Sep 29, 2018

CBS says it was subpoenaed over Moonves allegations

Then CBS Corp. CEO Leslie Moonves. Photo: Justin Sullivan/Getty Images

CBS Corporation received subpoenas Friday from the Manhattan District Attorney’s Office and the New York City Commission on Human Rights related to the allegations of sexual harassment by then-CEO Leslie Moonves and others, The Wall Street Journal reports.

Why it matters: Those efforts of prosecutors from outside the company to look into the sexual harassment allegations involving Moonves are the first since he left the company. CBS hired two law firms to investigate allegations against Moonves along with other claims, per a Securities and Exchange Commission filing. Moonves departed the company after a second Ronan Farrow report was published by the New Yorker in mid-September detailing allegations from six more women of misconduct by the TV veteran.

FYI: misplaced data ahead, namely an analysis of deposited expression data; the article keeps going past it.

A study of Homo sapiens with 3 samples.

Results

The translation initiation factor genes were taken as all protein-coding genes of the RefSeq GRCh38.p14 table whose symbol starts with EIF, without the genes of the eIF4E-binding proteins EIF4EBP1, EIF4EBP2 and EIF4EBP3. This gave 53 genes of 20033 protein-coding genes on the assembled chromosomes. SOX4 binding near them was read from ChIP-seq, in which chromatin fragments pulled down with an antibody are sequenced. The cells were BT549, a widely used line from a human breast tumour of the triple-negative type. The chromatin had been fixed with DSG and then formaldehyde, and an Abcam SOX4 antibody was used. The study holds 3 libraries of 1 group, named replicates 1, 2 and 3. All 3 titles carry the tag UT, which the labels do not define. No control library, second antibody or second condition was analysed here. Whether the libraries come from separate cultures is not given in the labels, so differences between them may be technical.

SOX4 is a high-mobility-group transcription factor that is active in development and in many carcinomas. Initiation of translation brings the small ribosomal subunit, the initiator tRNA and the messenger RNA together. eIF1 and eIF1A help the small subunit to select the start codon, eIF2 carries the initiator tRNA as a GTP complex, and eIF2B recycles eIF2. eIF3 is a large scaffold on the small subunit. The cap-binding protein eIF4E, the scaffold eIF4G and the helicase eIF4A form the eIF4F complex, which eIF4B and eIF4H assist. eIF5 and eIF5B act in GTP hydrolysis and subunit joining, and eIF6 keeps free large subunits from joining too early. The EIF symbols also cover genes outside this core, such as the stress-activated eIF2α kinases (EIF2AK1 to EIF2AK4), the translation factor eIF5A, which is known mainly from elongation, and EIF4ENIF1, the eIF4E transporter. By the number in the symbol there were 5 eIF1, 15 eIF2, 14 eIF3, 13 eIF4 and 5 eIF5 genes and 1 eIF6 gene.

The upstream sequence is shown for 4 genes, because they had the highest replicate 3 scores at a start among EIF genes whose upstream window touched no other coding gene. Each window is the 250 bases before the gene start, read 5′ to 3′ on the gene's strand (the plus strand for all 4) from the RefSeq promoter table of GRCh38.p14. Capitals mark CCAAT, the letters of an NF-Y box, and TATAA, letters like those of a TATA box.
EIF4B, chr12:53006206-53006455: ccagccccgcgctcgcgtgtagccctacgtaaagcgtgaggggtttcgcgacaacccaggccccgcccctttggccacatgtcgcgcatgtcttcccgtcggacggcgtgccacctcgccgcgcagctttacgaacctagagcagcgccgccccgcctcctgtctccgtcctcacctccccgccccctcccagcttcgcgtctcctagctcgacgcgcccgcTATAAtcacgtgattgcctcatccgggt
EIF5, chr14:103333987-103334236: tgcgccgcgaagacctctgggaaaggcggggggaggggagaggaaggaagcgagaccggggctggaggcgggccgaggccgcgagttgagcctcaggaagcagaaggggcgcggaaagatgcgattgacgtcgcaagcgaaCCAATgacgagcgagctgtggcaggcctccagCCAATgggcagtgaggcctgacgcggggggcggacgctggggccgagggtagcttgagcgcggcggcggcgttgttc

Data: The Center for Systems Science and Engineering at Johns Hopkins, the CDC, and China's Health Ministry. Note: China numbers are for the mainland only and U.S. numbers include repatriated citizens.

The novel coronavirus continues to spread to more nations, and the U.S. reports a doubling of its confirmed cases to 34 — while noting those are mostly due to repatriated citizens, emphasizing there's no "community spread" yet in the U.S. Meanwhile, Italy reported its first virus-related death on Friday.

The big picture: COVID-19 has now killed at least 2,359 people and infected more than 77,000 others, mostly in mainland China. New countries to announce infections recently include Israel, Lebanon and Iran.


Clients use an ATM at a Wells Fargo Bank in Los Angeles, Calif. Photo: Ronen Tivony/SOPA Images/LightRocket via Getty Images

Wells Fargo agreed to a pay a combined $3 billion to the Justice Department and the Securities and Exchange Commission on Friday for opening millions of fake customer accounts between 2002 and 2016, the SEC said in a press release.

The big picture: The fine "is among the largest corporate penalties reached during the Trump administration," the Washington Post reports.